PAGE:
Bankruptcy trustee

What is a bankruptcy trustee?

Individuals and companies that file for bankruptcy under Chapter 7 or Chapter 13 of the U.S. bankruptcy code are assigned bankruptcy trustees. Under bankruptcy law, when a person or company files for bankruptcy, the court forms an estate to hold the bankrupt person’s assets and property. The estate is a separate legal entity and the bankruptcy trustee oversees the estate.

Deeper definition

Bankruptcies are filed in federal bankruptcy court, and trustees work for the Department of Justice. The role of a trustee depends on the type of bankruptcy filed.

The duties of a bankruptcy trustee in Chapter 7 cases include:

  • Gathering property in the bankruptcy estate.
  • Selling the bankruptcy estate’s property.
  • Investigating the financial affairs of the person filing for bankruptcy.
  • Challenging any creditors’ claims that appear to be incorrect.
  • Distributing proceeds from the sale of property to creditors.
  • Objecting to bankruptcy discharge when proper grounds exist.
  • Furnishing information regarding the bankruptcy estate as requested.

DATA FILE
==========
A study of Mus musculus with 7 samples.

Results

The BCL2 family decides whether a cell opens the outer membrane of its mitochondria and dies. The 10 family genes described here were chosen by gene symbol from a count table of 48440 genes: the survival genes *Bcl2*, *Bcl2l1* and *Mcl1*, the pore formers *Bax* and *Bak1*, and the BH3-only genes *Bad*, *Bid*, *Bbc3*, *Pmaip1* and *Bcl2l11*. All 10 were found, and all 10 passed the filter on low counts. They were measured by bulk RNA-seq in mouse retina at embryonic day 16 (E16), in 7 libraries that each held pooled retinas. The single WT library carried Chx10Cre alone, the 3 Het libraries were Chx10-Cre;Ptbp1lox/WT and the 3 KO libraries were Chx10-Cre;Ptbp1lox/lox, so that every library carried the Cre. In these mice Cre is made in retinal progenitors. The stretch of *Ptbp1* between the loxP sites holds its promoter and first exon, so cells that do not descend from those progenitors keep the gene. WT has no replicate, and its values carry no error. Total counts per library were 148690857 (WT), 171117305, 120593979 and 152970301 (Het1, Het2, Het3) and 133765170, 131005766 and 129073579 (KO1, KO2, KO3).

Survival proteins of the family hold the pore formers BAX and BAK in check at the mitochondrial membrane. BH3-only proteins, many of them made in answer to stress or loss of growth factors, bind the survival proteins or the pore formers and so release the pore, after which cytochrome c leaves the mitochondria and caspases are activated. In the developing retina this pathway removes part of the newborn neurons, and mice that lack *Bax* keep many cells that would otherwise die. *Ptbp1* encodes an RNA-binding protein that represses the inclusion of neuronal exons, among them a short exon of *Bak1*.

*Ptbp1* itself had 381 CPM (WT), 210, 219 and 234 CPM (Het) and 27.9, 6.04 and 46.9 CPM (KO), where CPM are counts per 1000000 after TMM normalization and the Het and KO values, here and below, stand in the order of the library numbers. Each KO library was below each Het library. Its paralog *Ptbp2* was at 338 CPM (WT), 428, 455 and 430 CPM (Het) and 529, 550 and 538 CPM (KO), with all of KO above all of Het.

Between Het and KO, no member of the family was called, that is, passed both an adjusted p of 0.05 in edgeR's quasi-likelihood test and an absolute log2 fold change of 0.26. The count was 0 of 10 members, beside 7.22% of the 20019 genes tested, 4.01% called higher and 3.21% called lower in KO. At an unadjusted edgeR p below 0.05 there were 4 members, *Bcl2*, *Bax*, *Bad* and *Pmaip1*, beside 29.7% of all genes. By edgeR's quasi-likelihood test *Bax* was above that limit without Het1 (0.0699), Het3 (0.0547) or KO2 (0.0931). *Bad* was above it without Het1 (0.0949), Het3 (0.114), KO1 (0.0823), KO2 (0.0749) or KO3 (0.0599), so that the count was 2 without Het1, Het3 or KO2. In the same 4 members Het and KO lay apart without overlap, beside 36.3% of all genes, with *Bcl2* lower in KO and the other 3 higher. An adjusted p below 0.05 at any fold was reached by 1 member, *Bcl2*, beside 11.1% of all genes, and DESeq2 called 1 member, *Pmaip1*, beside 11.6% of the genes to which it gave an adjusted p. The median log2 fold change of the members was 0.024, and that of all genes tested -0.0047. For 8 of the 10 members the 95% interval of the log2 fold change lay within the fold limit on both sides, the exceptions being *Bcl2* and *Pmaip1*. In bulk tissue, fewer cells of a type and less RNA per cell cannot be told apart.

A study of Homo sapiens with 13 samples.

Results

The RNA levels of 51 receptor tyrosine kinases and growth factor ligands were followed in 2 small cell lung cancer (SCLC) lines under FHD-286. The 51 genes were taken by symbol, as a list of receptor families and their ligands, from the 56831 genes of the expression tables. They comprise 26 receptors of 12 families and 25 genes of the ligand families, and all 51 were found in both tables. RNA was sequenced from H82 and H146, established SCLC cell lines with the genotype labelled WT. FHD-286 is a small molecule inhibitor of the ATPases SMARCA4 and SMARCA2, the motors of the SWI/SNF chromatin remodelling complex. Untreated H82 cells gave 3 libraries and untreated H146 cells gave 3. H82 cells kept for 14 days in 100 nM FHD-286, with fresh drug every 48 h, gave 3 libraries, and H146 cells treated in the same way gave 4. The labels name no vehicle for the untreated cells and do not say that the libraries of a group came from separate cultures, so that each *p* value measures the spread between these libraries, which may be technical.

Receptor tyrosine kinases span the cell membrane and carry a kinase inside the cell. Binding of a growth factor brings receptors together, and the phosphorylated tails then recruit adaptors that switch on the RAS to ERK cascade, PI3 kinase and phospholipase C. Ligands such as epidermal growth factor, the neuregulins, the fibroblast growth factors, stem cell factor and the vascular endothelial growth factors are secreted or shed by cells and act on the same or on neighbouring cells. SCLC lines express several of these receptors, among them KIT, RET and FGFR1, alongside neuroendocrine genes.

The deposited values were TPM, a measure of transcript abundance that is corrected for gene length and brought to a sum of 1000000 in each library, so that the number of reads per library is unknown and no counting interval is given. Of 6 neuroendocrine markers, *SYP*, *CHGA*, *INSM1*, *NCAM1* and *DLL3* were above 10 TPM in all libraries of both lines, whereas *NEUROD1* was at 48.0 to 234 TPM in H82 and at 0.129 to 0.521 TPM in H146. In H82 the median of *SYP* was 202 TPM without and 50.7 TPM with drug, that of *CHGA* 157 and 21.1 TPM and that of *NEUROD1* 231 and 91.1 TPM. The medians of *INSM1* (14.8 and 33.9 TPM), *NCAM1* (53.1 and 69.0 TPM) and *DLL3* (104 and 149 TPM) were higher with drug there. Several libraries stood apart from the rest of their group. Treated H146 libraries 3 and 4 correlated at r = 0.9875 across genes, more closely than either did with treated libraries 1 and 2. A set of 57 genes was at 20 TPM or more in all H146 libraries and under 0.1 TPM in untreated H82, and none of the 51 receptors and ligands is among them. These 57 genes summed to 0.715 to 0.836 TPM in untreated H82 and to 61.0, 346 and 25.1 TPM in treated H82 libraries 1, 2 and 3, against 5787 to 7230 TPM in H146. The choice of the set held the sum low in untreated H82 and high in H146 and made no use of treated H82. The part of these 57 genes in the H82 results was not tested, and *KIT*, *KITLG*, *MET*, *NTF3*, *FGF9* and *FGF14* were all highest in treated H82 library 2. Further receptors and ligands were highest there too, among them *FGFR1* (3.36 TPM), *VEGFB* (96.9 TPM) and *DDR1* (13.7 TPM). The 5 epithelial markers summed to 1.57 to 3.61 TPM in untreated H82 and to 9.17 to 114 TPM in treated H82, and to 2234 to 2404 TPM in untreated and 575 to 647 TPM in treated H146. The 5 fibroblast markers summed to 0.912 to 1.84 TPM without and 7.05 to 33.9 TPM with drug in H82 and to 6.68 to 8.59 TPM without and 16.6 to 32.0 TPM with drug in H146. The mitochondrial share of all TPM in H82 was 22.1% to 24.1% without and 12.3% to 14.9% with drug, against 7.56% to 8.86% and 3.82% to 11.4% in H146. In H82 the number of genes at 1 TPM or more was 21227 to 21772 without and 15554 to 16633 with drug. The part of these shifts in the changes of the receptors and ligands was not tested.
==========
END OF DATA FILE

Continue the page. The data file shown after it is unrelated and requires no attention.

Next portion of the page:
• Filing a final account of the estate with the bankruptcy court.

Chapter 13 bankruptcy is sometimes referred to as a wage earner’s plan. It allows individuals to come up with a plan to repay all or part of their debt, normally over the course of three to five years. A trustee in a Chapter 13 case has another set of duties, including:

  • Reviewing the proposed repayment plan.
  • Making any necessary objections to the plan.
  • Receiving and/or collecting payments pursuant to the agreed-upon repayment plan.
  • Monitoring income and expense reports as required.
  • Monitoring previous federal and state tax returns while the Chapter 13 case is pending.
  • Distributing payments to creditors in a timely manner.
  • Proving information to the payee and the state child support enforcement agency in the event the person filing bankruptcy owes back child support.


Bankruptcy trustees have a great deal of power, but they still need the bankruptcy court’s approval before they can take particular actions. A company has 10 creditors and makes regular payments to five of them in the months leading up to a Chapter 7 bankruptcy filing. A trustee can demand that the five creditors return the payments so they can be distributed among all 10 creditors.